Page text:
If you know your home has foundation issues, but you're on the brink of selling, what should you do? For some, the answer is simple, but if you don't have the money to fix the foundation problems outright, or you have a long list of items to repair, it may not always be the first choice. Here's what you need to consider before you list your home.
Fixing The Foundation is Usually Best
There are a few reasons that fixing the foundation is usually the best route to go. First and foremost, it will be very difficult to find a buyer who is willing to pay the full market price if an inspection turns up foundation damage. Furthermore, once an appraisal is done, the home may not come back at the proper value to qualify for the loan. Once a bad appraisal is on the records, it can take more than six months to have a fresh appraisal done that brings it back up to value. Even if the damage is not significant, some home buyers will not stick around to find out. At the first signs of foundation damage, they will exit your home and never look back. So, fixing your foundation issues upfront is a really good way to get the highest number of fully qualified buyers bidding on your home, and ensure smooth sailing through the appraisal process.
If you're really unsure, the best thing to do is call in a foundation specialist ahead of time and have them do an assessment on the damage. They may come back and tell you that the damage is minor and will only cost a few hundred dollars to repair. This is the best-case scenario.
When to Sell As-Is
For some homeowners, the prospect of doing a major foundation repair is simply too costly. In fact, many homeowners feel that they are forced to sell when foundation damage becomes a hazard and it is no longer safe to live in the house, but they also can't fix it right away. In these cases, an as-is sale is better than nothing at all. Of course, many investors will swoop in trying to pick the house up for rock bottom prices so they can flip it for a profit. In other cases, buyers may ask for a concession for the repair out of the house of the price. This might be a good resolution if you want to get the most for your home but you don't have the cash to pay for the repair immediately. Again, if the buyer is interested in negotiating over the price to include the repair after they close, it is best if you have already had the foundation damage assessed by two or three companies. Coming to the table with quotes in hand will allow you to make a fair deal without giving up too much.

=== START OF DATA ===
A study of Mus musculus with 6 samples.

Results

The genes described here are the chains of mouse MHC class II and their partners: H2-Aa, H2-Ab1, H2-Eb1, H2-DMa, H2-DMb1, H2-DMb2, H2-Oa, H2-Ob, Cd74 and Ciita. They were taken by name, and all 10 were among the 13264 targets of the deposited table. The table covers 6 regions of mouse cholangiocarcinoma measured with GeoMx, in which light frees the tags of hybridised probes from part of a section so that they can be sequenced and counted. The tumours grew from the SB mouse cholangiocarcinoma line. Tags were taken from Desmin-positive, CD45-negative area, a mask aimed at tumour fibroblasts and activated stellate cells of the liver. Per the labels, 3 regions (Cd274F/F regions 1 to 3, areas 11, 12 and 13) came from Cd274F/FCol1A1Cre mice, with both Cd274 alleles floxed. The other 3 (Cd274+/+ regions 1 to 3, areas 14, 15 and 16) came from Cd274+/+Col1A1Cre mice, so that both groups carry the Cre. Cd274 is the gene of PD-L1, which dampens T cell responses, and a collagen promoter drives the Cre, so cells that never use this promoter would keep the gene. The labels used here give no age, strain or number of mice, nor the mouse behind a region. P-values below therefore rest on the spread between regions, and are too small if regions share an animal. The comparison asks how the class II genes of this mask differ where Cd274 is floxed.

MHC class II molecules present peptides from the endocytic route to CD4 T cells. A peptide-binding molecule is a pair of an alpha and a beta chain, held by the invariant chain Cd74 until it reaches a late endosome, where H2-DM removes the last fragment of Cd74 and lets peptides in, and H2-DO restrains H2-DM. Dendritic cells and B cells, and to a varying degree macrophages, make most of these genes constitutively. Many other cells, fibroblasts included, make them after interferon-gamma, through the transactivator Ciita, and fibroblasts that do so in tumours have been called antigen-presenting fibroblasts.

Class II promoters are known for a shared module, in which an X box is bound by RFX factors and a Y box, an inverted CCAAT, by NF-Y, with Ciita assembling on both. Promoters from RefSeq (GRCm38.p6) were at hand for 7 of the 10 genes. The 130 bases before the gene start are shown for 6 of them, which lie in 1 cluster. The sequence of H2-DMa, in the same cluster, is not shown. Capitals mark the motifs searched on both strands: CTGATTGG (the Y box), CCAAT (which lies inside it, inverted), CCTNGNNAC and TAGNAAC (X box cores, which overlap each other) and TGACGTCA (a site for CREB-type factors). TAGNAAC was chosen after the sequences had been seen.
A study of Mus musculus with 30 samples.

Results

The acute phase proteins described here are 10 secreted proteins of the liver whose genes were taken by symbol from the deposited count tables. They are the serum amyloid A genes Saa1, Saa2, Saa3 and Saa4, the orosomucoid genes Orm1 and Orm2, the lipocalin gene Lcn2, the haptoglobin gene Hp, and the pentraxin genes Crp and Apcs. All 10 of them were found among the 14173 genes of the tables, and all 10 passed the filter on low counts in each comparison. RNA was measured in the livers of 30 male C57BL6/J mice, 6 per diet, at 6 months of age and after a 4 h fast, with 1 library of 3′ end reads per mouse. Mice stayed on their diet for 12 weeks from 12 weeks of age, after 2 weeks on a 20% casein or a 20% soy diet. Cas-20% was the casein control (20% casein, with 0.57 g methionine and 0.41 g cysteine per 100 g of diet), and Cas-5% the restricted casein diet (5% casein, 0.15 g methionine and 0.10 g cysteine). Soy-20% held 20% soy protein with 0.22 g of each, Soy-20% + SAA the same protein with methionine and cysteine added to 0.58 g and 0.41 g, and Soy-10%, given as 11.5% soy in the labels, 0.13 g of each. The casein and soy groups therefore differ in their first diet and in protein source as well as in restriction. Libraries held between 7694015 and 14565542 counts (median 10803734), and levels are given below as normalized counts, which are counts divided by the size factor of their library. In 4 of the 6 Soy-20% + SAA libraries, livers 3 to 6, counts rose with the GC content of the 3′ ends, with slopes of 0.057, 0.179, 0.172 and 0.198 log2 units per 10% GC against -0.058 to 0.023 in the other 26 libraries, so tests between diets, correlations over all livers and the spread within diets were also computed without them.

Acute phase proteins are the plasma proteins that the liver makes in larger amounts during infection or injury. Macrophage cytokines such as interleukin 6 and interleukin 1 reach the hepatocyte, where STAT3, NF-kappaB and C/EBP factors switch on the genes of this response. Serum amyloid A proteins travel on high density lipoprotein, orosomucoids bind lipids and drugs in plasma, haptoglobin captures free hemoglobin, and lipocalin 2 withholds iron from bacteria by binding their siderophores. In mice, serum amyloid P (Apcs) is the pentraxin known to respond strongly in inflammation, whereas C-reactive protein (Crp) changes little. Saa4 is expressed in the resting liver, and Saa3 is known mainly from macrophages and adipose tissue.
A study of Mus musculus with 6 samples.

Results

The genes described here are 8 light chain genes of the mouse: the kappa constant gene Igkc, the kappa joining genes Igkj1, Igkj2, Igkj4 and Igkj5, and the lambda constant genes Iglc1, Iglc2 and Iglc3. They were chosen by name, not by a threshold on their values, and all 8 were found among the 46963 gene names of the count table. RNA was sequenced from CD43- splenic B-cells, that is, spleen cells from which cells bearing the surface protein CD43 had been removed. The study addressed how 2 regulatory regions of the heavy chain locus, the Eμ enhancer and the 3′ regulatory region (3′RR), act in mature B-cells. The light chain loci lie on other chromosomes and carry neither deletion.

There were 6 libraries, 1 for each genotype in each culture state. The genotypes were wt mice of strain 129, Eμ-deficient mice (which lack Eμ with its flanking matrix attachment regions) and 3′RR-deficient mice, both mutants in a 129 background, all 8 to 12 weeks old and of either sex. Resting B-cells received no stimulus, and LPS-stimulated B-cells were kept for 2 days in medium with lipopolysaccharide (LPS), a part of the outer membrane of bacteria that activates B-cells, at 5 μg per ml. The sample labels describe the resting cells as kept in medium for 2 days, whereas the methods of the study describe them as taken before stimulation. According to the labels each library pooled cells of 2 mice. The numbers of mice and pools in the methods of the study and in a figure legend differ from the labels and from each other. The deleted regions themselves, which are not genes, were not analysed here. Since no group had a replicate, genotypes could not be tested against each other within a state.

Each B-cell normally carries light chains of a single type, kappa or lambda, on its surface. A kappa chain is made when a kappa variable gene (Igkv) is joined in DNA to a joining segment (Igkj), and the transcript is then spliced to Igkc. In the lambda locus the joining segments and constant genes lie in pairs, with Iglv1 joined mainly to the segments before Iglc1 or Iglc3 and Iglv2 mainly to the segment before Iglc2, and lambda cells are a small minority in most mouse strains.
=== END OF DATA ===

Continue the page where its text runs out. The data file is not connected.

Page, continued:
As mentioned above, if an appraisal or inspection mentions foundation damage, you may find that lenders do not want to lend on your home. In this case, the price you set will need to reflect the fact that only cash buyers will be able to come to the table.
As always, repairing foundation damage before it reaches the point of disaster is always best, but if you find yourself in a sticky situation with budget concerns and a need to move, it is possible to sell as-is. Just be prepared to take a slightly lower price for your home, and make sure you have accurate estimates on the repair cost from Allied Foundation so you can make the best negotiations possible.